Awakened After 7 Years in Space
January 14, 2005: Huygens Lands on Titan
After traveling nearly 7 years through the darkness of space the Huygens probe lands safely on the surface of Titan, Saturn’s largest moon. This was the first landing ever accomplished in the outer solar system. Based on pictures taken by the orbiter Cassini at 1,200 km away from Titan, the landing site appeared to be a shoreline. Huygens was designed to survive the impact, whether it was a solid or a liquid surface on Titan.
The spacecraft had no more than three hours of battery life, most of which was planned to be taken up by the descent. It touched down on land, and continued to send data for about 90 minutes after touchdown.
It remains the most distant landing of any man-made craft.
On October 15, 1997, Cassini–Huygens was launched from Cape Canaveral. The Huygens probe was named after the 17th century Dutch astronomer Christian Huygens who first discovered Titan. It was designed to enter and brake in Titan’s atmosphere and parachute a fully instrumented robotic laboratory down to the surface.
The Huygens probe remained dormant throughout the 6.7-year interplanetary cruise, except for semiannual health checks.
Huygens detached from the orbiter and coasted in free space to Titan in 22 days with no systems active except for its wake-up timer. The main mission phase was a parachute descent through Titan’s atmosphere. The batteries and all other resources were sized for a mission duration of 153 minutes, figuring a descent time of 2.5 hours and hopefully a half hour or more on Titan’s surface.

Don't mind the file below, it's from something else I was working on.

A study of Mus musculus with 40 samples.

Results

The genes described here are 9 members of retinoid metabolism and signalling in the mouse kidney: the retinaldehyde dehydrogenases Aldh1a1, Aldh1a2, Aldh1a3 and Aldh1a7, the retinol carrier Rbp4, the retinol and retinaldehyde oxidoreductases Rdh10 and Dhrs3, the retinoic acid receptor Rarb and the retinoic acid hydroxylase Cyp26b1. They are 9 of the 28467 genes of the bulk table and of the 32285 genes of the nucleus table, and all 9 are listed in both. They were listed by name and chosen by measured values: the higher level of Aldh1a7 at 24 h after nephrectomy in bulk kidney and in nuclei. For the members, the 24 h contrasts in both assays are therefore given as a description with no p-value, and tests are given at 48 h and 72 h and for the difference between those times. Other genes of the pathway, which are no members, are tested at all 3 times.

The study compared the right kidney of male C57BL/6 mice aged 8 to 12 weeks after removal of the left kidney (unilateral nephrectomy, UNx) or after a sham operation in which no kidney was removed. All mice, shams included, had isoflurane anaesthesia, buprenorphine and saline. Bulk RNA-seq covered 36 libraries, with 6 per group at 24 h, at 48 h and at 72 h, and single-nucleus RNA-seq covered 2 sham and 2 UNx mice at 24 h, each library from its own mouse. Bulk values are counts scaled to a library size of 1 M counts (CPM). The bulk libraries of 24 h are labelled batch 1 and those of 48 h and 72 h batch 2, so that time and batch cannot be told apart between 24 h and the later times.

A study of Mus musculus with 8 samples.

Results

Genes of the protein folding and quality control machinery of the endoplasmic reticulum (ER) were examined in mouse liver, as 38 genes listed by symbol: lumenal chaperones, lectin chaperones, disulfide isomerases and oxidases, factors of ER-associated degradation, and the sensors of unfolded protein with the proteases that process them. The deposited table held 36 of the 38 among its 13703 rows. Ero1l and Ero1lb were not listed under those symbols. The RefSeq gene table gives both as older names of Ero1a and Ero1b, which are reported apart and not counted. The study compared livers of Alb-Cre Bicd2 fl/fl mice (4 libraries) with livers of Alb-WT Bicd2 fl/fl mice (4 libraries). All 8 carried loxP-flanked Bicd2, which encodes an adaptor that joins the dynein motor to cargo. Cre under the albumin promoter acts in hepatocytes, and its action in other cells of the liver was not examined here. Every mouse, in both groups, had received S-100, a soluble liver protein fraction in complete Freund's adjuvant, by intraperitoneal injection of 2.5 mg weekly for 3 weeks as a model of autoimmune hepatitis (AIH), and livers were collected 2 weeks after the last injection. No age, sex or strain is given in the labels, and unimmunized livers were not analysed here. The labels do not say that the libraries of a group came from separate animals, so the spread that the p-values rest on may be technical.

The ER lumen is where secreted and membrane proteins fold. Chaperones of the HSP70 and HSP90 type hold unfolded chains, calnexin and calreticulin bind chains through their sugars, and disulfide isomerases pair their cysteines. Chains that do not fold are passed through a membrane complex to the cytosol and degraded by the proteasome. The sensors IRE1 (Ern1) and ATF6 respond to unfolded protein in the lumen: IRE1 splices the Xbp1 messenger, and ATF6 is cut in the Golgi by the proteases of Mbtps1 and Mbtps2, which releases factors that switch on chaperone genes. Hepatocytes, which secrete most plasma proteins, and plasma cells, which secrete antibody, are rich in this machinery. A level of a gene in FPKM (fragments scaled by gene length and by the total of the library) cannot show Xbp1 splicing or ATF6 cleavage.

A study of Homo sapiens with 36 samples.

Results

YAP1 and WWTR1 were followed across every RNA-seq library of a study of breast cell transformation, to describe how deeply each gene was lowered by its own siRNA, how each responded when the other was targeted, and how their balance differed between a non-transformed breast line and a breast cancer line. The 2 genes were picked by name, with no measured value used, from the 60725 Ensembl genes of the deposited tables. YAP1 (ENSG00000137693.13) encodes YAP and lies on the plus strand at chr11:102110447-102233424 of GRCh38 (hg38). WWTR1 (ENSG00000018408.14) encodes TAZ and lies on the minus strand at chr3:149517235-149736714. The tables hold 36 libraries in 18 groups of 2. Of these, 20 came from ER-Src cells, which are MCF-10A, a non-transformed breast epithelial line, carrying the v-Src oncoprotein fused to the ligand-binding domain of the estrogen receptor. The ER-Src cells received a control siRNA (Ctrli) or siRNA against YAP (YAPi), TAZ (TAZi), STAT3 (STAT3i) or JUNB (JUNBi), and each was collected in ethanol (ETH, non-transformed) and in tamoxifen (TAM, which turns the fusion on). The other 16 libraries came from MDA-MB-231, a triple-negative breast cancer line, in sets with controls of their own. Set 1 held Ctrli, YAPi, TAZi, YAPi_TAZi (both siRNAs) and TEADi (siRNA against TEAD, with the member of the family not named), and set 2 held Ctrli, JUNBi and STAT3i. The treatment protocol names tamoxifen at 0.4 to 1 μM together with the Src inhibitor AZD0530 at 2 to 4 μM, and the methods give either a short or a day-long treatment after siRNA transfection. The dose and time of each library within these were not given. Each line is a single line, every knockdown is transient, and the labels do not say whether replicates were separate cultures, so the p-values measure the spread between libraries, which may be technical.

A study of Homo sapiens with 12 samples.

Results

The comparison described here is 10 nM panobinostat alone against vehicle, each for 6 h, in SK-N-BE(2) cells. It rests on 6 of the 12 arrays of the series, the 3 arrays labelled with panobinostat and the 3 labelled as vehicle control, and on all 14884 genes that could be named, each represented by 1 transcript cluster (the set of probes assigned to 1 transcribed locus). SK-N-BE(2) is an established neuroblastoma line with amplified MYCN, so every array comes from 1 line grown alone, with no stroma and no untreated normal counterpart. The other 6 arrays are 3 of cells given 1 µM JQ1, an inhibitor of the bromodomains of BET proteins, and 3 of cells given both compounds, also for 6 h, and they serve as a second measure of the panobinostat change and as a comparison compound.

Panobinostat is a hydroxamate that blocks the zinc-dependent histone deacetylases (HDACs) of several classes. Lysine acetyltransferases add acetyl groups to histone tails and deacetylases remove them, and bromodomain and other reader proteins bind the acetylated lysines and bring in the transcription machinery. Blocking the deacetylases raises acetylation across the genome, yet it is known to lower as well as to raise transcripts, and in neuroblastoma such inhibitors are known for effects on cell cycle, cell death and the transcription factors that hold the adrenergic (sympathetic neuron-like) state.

The probe’s radio link was activated early in the descent phase and the orbiter Cassini “listened” to the probe for the next 3 hours, including the descent phase, and the first thirty minutes after touchdown.
After landing, Huygens photographed a dark plain covered in small rocks and pebbles, which are composed of water ice. The two rocks just below the middle of the image on the right are smaller than they may appear: the left-hand one is 15 centimeters across, and the one in the center is 4 centimeters across, at a distance of about 85 centimeters from Huygens. There is evidence of erosion at the base of the rocks, indicating possible fluvial activity. The surface is darker than originally expected, consisting of a mixture of water and hydrocarbon ice. The assumption is that the “soil” visible in the images is precipitation from the hydrocarbon haze above.
Huygens photographed pale hills with dark “rivers” running down to a dark plain. Current understanding is that the hills are composed mainly of water ice. It is thought that dark organic compounds created in the upper atmosphere by the ultraviolet radiation of the Sun may rain from Titan’s atmosphere. They are then washed down the hills with the methane rain and deposited on the plains over geological time scales.
Now that Cassini is orbiting Saturn, it is between 8.2 and 10.2 astronomical units (an astronomical unit is about 93 million miles) from the Earth. Because of this, it takes between 68 to 84 minutes for radio signals to travel from Earth to the spacecraft, and vice-versa.
Cassini is powered by 32.7 kg of plutonium-238—the heat from the material’s radioactive decay is turned into electricity. Huygens was supported by Cassini during cruise, but used chemical batteries when independent.
Titan is the largest moon of Saturn (larger in volume than Mercury) and the only natural satellite known to have a dense atmosphere and for which there is clear evidence of stable bodies of surface liquid. Titan is mostly composed of water ice and rocky material with many liquid hydrocarbon lakes in the polar regions. With Titan’s atmosphere being twice as thick as Earth’s it is difficult for instruments to image its surface.